Recently, both Honda and Mercedes-Benz announced a shift toward a fixed-price sales model, or agency model, in Australia, which shifts ownership of vehicles to the automaker itself. Under this model, the companies also set the prices of those vehicles, while dealerships are paid a flat fee and are unable to negotiate prices. Despite this change, Ford Australia CEO Andrew Birkic was quick to shoot down a similar move for The Blue Oval.
“We have no plans to move to an agency model, and see our dealers as vital to the success of the Ford brand, and an important touchpoint for customers to experience our brand,” Birkic said in a statement. “We work very closely with our dealers, they are an incredibly important part of our business. When the bushfires goes through rural communities, they’re the ones that give the cars out to support emergency services. They are the true spirit of the community.”
Currently, Australia’s roughly 160 Ford dealers compete with each other and rival brands’ dealerships, which spurs competition, and subsequently leads to pricing deals for consumers. Regardless, Honda will begin its fixed-price sales model in the country in mid-2021, while Mercedes-Benz will follow suit in 2022.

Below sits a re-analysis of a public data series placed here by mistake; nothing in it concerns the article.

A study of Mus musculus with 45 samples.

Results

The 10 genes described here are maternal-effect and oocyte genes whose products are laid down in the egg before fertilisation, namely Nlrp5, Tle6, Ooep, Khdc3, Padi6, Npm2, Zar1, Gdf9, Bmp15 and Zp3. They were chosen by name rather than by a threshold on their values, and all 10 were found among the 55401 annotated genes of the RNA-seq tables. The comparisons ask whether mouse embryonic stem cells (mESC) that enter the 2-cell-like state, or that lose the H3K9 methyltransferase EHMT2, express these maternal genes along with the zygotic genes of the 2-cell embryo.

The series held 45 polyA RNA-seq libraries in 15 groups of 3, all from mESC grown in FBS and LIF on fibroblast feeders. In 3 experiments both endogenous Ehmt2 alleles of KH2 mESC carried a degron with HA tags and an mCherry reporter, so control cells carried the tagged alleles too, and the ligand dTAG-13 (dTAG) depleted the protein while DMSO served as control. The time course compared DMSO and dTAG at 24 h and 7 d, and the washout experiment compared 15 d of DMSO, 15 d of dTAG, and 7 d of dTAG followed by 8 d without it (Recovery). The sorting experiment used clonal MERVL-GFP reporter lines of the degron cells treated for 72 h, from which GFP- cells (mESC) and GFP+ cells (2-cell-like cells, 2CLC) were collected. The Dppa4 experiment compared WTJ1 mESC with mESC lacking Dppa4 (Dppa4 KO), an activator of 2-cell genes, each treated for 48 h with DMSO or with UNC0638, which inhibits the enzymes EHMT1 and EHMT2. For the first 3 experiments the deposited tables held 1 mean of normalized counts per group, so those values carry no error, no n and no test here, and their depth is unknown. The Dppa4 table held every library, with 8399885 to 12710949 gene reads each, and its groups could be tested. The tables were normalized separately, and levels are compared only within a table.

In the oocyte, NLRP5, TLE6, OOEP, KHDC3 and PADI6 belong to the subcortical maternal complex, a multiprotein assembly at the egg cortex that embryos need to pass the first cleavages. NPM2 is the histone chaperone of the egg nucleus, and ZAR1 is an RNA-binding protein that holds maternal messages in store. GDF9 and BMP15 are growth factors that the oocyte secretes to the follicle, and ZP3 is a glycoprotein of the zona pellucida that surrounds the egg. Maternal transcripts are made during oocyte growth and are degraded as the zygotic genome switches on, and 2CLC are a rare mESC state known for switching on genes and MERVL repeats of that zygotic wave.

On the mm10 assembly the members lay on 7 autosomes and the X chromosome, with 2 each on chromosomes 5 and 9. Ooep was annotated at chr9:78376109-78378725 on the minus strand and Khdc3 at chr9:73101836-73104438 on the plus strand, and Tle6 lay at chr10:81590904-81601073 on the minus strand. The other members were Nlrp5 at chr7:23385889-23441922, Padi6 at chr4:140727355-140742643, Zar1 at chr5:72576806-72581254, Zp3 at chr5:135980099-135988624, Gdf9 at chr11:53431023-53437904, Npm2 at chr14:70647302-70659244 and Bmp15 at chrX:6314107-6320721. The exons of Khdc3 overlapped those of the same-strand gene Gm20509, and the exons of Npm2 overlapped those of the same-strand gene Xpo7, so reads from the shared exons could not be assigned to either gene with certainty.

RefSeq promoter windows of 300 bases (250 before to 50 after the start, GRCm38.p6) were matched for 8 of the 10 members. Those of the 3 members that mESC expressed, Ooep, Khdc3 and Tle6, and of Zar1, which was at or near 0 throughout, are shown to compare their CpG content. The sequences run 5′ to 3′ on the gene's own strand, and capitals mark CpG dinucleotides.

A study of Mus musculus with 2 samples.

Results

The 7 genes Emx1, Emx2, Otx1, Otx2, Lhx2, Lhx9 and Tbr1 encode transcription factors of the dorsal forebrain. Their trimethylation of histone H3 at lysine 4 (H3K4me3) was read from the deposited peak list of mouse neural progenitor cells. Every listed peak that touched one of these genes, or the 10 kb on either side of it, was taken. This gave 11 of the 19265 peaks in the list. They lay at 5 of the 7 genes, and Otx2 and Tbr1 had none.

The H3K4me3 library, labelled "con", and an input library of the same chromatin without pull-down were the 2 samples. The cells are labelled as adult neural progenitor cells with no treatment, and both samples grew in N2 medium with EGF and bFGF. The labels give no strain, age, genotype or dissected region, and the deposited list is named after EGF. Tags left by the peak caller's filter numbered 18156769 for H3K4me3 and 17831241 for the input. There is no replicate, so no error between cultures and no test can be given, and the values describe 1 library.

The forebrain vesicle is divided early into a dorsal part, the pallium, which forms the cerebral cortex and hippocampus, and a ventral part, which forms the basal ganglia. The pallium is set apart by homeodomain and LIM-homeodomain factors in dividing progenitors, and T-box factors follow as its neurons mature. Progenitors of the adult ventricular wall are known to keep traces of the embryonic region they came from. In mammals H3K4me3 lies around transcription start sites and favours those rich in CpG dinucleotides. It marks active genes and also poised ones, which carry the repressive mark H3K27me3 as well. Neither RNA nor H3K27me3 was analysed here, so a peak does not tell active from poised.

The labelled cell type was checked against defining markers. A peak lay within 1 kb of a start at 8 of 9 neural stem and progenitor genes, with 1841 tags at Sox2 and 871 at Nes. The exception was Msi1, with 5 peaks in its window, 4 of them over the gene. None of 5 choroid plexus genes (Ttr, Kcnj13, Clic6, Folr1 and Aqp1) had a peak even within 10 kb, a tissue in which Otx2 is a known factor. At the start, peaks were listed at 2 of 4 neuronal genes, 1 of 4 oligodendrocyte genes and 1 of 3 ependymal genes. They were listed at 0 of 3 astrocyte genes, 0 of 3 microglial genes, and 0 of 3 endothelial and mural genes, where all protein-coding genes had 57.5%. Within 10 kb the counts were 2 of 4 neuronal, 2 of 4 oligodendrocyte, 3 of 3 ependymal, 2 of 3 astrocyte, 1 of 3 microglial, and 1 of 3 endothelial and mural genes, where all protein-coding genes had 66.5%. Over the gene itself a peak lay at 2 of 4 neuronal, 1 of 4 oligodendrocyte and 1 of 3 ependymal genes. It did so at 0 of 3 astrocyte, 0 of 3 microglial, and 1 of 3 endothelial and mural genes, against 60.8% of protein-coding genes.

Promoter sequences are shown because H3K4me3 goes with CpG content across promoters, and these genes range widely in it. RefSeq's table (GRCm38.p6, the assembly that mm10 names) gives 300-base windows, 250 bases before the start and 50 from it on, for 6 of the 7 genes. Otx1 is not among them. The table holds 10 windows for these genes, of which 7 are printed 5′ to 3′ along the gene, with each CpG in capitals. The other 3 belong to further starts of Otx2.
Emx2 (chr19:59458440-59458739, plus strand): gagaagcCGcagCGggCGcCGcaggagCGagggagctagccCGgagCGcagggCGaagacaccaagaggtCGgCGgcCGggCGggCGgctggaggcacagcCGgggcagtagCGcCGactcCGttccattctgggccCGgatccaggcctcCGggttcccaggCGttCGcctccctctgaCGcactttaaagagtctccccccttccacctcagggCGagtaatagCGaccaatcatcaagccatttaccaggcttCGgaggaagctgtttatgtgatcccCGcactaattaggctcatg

The move isn’t without precedent, however. Ford experimented with buying Australian dealerships back in 2000, spending hundreds of millions of dollars to acquire nearly all of them. However, they axed the program just five years later. Salespeople reportedly circumvented the pricing strategy by doling out more money for vehicle trade-ins, since they were unable to negotiate price, resulting in glut of high-dollar used car inventory.
While fixed pricing didn’t work out so well for Ford two decades ago, it has proven quite successful for Tesla. However, the EV automaker also sells direct to consumers with few physical sales locations, a stark contrast to Ford’s massive dealer network. So for now, at least, it doesn’t appear that The Blue Oval will be trying to mimic that strategy, even while others follow suit.